Spirituality & Service


Prairie Street Cemetery

Originally uploaded by psdlund

As part of his Tips on Creating a More Connected Life, Edward M. Hallowell, M.D. suggests that we “visit the grave sites of loved ones every year.” He says that “this provides a time and place for remembering and reconnecting with the past.” So as part of our trip back to Indiana this summer, Julia and I have been doing exactly that. This picture is of the Prairie Street Cemetery, which was donated by the Prairie Street Mennonite Church to the City of Elkhart, and it happens to be the place where my father’s parents are buried. I wasn’t sure exactly where their grave sites were, since it’s been over twenty-five years since their funerals. But I had some vague recollection, and sure enough, I found them. I made this visitation on my own, but Julia and I did take Henry David to Julia’s mother’s grave site in Goshen, and we’ll stop by the memorial garden at the Presbyterian church in Elkhart where my father’s ashes are interred. I’d like to visit my maternal grandparents’ sites, too, but we may not have time this trip.

We also made a quick excursion up to East Lansing, Michigan, where my best buddy from theological school is the minister. Kathryn’s doing a wonderful job with the congregation there, and it was great to see her and her family–husband Stuart and son Theo (and poodle Scotty). Stuart and Theo spent Saturday morning working at a Habitat for Humanity site in Lansing with some other volunteers from the church, so we stopped by to see how it was going. It was wonderful to see quite a few youth from the church working along side the adults. Habitat is a natural volunteer opportunity for our any congregation. It can be completely intergenerational, too. The East Lansing church has the younger children come on the day when the keys are turned over to the new owners so they can be part of the celebration!

Bell Tower

Originally uploaded by psdlund

I’m heading to the Hoosier State with Julia and Henry David at the moment, but before I got too carried away with my vacation time, I thought I’d do a quick post about the the latest photos I’ve added to my flickr page. They’re from the Healthy Congregations training I was part of over the weekend, which took place at my home church: Unity Church-Unitarian. After being away so much last summer, I promised Julia that I wouldn’t do anything “extra” this year. But since this training was in St. Paul, and since it was based on family systems theory (one of my favorite subjects), I couldn’t resist. What was especially nice about this training was that the trainers were district staff members themselves, Connie Goodbread and Richard Speck. Even better, a lot of my district staff colleagues were there, too. But the really great thing was the UU perspective on the Healthy Congregations model. Connie and Richard have done a terrific job of adapting the Christian elements for Unitarian Universalist congregations. I’m looking forward to working with Nancy Heege and Cheri Cody (a Prairie Star district volunteer who was at the training, too) as we bring these learnings to our congregations.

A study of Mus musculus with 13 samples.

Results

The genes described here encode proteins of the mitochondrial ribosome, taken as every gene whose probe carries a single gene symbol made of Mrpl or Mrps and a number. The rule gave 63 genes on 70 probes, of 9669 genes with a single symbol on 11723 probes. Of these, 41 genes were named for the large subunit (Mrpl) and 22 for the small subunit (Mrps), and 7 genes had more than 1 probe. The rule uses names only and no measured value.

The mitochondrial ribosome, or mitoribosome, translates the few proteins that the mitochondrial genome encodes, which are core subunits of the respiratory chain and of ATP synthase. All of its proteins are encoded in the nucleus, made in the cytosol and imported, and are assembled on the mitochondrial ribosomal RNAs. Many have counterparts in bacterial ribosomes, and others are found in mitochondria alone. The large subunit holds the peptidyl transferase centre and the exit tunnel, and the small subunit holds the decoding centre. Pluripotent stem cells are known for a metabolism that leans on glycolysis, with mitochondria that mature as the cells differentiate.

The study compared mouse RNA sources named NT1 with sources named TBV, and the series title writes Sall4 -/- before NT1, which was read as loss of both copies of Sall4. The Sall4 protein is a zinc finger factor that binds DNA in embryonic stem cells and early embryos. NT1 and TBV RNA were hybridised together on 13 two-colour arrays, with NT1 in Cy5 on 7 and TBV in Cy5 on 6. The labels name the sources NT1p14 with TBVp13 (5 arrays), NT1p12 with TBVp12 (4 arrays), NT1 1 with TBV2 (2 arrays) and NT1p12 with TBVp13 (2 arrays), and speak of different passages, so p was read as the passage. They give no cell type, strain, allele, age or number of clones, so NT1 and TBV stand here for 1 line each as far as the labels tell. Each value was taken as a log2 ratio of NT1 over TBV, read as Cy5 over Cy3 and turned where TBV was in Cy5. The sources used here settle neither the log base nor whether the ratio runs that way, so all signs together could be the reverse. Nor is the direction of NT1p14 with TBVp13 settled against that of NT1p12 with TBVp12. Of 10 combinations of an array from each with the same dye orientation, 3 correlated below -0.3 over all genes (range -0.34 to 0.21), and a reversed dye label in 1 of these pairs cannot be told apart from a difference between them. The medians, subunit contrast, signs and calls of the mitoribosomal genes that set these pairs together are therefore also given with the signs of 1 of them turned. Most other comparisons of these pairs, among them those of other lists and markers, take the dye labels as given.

I stuck around Rockford, Illinois for a few months after my internship to be their summer minister, which meant that I had to preach a sermon around the Fourth of July. I made some crack about this being the reason ministers took the summer off–so they wouldn’t have to wrack their brains trying to put together a sermon that celebrated the United States in spite of our history of oppression and aggression. I’m not quite sure what I ended up preaching about myself, but I’m sure it wasn’t as thoughtful as what Rabbi Michael Lerner and the folks at Tikkun magazine have come up with. Check out their Interdependence Day Celebration [PDF], which was published in the latest issue of the magazine. As they say, “There is much worth celebrating in American history that deserves attention on July 4th, despite the current depravity of those who lead this country, though the celebration-worthy aspects of our society are rarely the focus of the public events.”

I know it’s a little late for this year’s celebration, but I think it would be great if congregational leaders could have material similar to the Tikkun stuff available for families to use on their own, material that put the holiday in a liberal religious/spiritual progressive perspective. Even better, congregations could plan to hold thier own Fourth of July celebrations. The idea of summertime being downtime in our religious communities is due for some serious reconsideration. Just because 19th century Bostonians needed to beat the heat and escape to Maine in the summertime doesn’t mean we should continue the practice. Helping families live their liberal faith on a daily basis is a 24/7/365 obligation. That doesn’t mean religious professionals need to be on duty all the time, but we need to constantly be using the technology available to us (like blogs) to share our faith and strengthen our families.